Consumer goods companies and retailers need to be upfront about where palm oil in their products comes from to relieve consumers of the burden of making sustainable choices.
That is a key finding of new research from the University of Cambridge (UK), published in Environmental Research Letters.
Palm oil production causes deforestation, greenhouse gas emissions from peatland conversion and biodiversity loss, but it is found in many products – often unbeknownst to consumers. It is a common ingredient in foods, body products, detergents and biofuels.
Dr Rosemary Ostfeld, from the University of Cambridge, is the study’s lead author. She said, ‘The Roundtable on Sustainable Palm Oil (RSPO) has made efforts to improve the sustainability of palm oil production by creating an environmental certification system for palm oil. But currently only 19% of palm oil is RSPO-certified. This means the majority that finds its way into products people buy daily is still produced using conventional practices.’
Dr Ostfeld and her team wanted to find out if consumers were actively seeking to make a sustainable choice about palm oil. They also explored what extra efforts governments could make to ensure sustainable palm oil consumption.
The researchers surveyed 1,695 British consumers through the market research company YouGov. Respondents were asked about their awareness of palm oil and its environmental impact; their recognition of ‘ecolabels’ such as Fairtrade, the Soil Association, and RSPO and which ecolabelled products they included in their weekly household shopping.
They found UK consumer awareness of palm oil was high (77%), with 41% of those aware of it viewing it as ‘environmentally unfriendly’. Yet almost no consumers were aware of the RSPO label that showed a product contained sustainably produced palm oil.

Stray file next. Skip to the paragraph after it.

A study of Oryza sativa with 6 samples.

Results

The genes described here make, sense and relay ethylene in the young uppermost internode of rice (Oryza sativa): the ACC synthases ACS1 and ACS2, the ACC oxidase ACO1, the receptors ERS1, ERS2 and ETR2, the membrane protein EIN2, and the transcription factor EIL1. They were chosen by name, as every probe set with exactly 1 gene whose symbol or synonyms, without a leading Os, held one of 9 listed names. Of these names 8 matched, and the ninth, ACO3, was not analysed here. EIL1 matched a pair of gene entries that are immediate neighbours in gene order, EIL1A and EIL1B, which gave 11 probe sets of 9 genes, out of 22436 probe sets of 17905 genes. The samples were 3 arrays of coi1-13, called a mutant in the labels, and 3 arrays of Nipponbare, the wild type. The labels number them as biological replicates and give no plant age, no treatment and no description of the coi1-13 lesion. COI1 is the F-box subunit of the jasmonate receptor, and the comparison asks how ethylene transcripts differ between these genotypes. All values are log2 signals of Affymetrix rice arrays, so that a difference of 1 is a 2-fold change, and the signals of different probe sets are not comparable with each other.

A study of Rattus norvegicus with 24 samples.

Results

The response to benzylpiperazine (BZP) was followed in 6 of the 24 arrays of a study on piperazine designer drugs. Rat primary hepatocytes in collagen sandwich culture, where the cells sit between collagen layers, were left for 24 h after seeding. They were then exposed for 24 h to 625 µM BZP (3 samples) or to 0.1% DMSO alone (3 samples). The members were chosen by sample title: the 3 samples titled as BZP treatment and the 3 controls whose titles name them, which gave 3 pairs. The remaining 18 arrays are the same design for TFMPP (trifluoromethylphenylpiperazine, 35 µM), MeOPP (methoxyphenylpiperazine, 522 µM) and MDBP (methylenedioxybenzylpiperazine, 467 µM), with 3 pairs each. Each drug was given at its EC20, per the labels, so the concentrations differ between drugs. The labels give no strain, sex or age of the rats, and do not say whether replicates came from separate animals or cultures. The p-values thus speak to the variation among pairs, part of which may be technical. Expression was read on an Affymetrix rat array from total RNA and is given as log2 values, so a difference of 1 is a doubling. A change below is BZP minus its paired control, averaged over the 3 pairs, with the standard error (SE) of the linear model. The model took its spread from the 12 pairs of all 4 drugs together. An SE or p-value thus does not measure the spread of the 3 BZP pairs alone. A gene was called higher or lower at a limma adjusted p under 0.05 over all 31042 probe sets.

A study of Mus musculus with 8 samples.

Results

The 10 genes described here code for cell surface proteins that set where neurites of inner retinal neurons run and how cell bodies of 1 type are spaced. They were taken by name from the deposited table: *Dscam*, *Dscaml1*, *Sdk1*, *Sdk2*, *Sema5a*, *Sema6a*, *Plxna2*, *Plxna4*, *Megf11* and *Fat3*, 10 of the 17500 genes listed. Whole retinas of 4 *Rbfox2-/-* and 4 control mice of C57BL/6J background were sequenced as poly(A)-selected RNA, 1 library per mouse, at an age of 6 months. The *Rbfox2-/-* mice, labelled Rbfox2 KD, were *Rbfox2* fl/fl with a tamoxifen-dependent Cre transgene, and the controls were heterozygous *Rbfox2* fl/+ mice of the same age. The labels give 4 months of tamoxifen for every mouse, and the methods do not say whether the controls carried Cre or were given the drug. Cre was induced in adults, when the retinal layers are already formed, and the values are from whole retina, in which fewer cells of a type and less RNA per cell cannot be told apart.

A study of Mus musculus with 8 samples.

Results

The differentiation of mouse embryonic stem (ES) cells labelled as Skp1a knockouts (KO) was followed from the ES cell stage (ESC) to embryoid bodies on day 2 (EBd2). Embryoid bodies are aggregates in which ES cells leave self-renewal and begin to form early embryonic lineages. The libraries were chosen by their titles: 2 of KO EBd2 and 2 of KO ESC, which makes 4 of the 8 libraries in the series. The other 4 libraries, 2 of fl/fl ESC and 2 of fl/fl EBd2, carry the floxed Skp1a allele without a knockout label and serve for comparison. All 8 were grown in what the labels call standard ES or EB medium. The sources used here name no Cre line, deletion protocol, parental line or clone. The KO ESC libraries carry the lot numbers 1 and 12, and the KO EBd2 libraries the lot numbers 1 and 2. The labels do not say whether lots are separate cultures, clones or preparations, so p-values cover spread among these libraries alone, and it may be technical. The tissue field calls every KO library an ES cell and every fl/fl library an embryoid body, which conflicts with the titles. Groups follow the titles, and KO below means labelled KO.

‘In terms of label recognition versus action, 82% of people recognised the Fairtrade label, but only 29% actively buy Fairtrade products,’ said Dr Ostfeld. ‘Only 5% recognised the RSPO label – the same as a fictional label we put into the survey as a control. Of that small number, only 1% said they actively include products with the label in their shopping.’
The low recognition of the RSPO label could be due to the scarcity of its use by consumer goods companies and retailers.
‘This may be due in part to reluctance to draw attention to their use of palm oil’, Dr Ostfeld suggested, ‘or it may be because they fall short of the 95% physical certified palm oil content that used to be needed to use the label. Either way, we found that relying on consumers to consciously and regularly include certified products in their shopping has limitations. Our results show that even when consumer awareness of an ecolabel is high, action is not guaranteed.’
To address this problem, the researchers put forward several policy recommendations.
Dr Ostfeld explained: ‘Palm oil is more efficient to produce than other vegetable oils and plays a vital role in the livelihoods of millions of people, so banning it is not plausible. Instead, the goal should be to encourage sustainable palm oil production.’
The team recommends a government requirement for consumer goods companies and retailers to buy identity-preserved certified palm oil, which can be traced back to the individual plantation. If national targets must be met with identity-preserved certified palm oil, demand for it will increase. It will also enable unsustainable practices to be uncovered more easily.
‘Companies should also publicly disclose their palm oil suppliers’, Dr Ostfeld continued. ‘This will help consumers know if they’re sourcing their palm oil from growers who use best practices. We believe these measures could promote a more rapid move towards sustainable palm oil consumption, and higher levels of accountability throughout the supply chain.’